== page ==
James P. Flynn, Managing Director of the Firm and Member in the Litigation and Employment, Labor & Workforce Management practices, in the firm’s Newark office, authored an article in ILN IP Insider, titled “Make Your Mark on History: Connecting Tradenames to Landmark Events, People & Places.”
Following is an excerpt:
The phrase “make your mark on history” is a commonplace one with several meanings and connotations.
It is one offered at many high school and college commencement speeches as an exhortation to graduates to have an impact beyond themselves–as future-President, then-Senator John F. Kennedy said when telling Northeastern’s graduating class in 1956 “to make your mark,” this is part of what “every commencement speaker has said since classes were held in caves or trees.”
It is also often said into mirrors in quiet moments as a reflection of the personal ambition of one determined to go beyond the average or the commonplace in terms of achievement.
Of course, each use stems from the shorter phrase “make your mark,” embodying the mere notion of the archer hitting the target, or maybe even the less educated simply indicating agreement with an initial, an X, or a cross, or at times a craftsman adding “a maker’s mark—essentially personal branding.”
But we interpret that phrase in our own way today—we wish to see what occurs when one literally makes a mark based on, or out of, history by adopting as a tradename a historic event, person, or place. We want to know what the rules are for doing that, and whether one must have their own connection to that person, place, or event to register the mark. We will look not only at the laws of the United States but at some other jurisdictions as well.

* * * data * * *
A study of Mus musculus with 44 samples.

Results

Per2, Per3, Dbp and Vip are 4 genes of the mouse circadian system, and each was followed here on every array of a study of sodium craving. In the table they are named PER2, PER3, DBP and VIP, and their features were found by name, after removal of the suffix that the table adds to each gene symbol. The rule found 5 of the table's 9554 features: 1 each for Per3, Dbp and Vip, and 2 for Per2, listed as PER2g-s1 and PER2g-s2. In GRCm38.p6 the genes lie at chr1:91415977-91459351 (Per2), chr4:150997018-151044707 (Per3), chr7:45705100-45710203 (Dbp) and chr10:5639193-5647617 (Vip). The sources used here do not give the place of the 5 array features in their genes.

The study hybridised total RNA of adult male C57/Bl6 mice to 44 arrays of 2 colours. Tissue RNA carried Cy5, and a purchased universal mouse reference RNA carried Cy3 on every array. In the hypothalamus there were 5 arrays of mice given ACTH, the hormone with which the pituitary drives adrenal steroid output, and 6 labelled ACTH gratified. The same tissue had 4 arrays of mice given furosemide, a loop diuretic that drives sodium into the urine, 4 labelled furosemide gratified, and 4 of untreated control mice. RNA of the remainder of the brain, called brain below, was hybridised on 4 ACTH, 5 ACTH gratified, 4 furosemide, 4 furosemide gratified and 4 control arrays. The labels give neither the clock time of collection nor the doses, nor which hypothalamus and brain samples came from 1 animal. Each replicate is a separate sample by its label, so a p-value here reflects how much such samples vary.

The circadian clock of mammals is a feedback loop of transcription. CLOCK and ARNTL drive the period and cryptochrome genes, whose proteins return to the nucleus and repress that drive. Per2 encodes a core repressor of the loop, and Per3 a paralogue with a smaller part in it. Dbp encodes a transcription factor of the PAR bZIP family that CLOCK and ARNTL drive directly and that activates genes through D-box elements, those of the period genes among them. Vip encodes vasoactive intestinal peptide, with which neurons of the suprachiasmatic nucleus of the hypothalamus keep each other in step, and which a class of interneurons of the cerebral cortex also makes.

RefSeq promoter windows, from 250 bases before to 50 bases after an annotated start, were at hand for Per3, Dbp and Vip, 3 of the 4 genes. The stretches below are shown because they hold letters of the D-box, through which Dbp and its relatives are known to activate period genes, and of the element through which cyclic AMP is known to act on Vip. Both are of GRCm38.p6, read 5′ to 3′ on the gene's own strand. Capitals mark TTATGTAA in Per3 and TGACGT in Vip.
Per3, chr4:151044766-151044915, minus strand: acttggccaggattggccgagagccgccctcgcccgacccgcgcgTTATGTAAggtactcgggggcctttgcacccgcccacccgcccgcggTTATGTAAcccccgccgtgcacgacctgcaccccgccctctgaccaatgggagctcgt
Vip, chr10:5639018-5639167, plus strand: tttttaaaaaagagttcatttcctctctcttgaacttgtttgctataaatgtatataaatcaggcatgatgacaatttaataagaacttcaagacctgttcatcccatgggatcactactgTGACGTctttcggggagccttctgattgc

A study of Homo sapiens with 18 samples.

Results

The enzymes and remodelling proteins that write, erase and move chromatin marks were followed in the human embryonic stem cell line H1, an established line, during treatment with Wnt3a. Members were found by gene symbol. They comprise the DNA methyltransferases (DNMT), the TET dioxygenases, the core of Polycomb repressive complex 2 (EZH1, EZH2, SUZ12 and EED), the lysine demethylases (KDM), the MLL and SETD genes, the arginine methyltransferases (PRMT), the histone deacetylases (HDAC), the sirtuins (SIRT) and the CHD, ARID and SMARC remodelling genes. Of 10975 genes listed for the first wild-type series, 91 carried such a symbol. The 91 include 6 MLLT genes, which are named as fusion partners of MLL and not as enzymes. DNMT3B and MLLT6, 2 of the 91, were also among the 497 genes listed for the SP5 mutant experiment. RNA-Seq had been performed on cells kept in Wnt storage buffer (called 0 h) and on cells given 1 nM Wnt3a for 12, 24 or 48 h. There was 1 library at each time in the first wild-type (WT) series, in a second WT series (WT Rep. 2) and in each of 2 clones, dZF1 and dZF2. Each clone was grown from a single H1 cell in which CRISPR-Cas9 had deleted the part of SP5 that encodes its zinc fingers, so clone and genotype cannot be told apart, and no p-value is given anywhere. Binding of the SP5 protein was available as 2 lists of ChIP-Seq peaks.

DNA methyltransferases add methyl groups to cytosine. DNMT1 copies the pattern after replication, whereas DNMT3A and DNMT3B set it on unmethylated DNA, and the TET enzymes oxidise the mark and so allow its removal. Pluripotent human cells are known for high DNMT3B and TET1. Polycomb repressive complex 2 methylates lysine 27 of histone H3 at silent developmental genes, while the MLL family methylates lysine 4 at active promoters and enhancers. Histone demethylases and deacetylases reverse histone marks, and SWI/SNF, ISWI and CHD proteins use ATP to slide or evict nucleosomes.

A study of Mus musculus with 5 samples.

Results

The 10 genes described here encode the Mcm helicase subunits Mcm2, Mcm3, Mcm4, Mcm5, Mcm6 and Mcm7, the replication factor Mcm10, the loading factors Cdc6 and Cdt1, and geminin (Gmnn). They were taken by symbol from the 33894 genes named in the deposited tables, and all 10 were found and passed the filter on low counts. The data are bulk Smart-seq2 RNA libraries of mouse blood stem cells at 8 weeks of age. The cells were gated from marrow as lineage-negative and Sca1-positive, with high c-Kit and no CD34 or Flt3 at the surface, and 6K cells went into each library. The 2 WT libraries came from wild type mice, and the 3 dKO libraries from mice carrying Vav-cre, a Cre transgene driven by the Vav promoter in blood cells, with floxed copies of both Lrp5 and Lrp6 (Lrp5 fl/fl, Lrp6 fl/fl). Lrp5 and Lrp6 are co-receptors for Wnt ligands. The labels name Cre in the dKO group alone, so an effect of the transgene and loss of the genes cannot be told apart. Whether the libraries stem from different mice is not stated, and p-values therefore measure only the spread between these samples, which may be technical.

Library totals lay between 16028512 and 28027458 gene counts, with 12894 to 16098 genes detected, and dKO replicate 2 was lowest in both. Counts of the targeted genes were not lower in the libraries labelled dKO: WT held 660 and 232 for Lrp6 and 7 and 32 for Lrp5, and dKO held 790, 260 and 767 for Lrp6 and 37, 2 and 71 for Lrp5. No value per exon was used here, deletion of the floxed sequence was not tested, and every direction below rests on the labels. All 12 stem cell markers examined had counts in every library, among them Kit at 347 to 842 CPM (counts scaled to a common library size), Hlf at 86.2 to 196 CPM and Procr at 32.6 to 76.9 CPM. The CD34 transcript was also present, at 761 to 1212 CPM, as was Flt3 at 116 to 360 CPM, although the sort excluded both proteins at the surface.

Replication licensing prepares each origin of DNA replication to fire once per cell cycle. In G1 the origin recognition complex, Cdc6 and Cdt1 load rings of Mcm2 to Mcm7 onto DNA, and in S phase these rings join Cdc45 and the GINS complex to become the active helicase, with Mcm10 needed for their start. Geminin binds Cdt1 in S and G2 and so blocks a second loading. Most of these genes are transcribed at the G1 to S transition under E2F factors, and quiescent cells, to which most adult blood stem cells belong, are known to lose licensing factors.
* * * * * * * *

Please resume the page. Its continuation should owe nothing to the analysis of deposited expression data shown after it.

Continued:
First off, let’s see some of the ways this plays out in the United States. Section 1209.03(x) of the United States Trademark Manual of Examining Procedure (“TMEP”) addresses portions of this inquiry, noting as to historical figure names and fictional character names, that the “determination of whether a mark comprising the name of an historical figure or a fictional character serves as a source identifier or is merely descriptive turns on whether consumers link the mark to a particular commercial entity or whether others have a competitive need to use the name to describe their products.” As one commentator noted, citing examples like Tesla, The Lincoln Project, and others, the prohibition on allowing marks associated with living persons does not apply to historical trademarks:
But, interestingly, the United States Supreme Court recently granted review in Vidal v. Elster, Case 22-704, which calls into question the prohibition under 15 U.S.C. § 1052(c) on registering marks concerning a living person without permission; this case has the possibility of altering trademark law significantly and allowing current events to be treated similarly to historic events from a trademark perspective. It also intersects with several recent Supreme Court decisions, such as Matal v. Tam, 137 S. Ct. 1744 (2017), Iancu v. Brunetti, 139 S. Ct. 2294 (2019), and even Jack Daniel’s Properties, Inc. v. VIP Prod. LLC, 599 U.S. ____ (2023), and the First Amendment, as I and some colleagues recently described.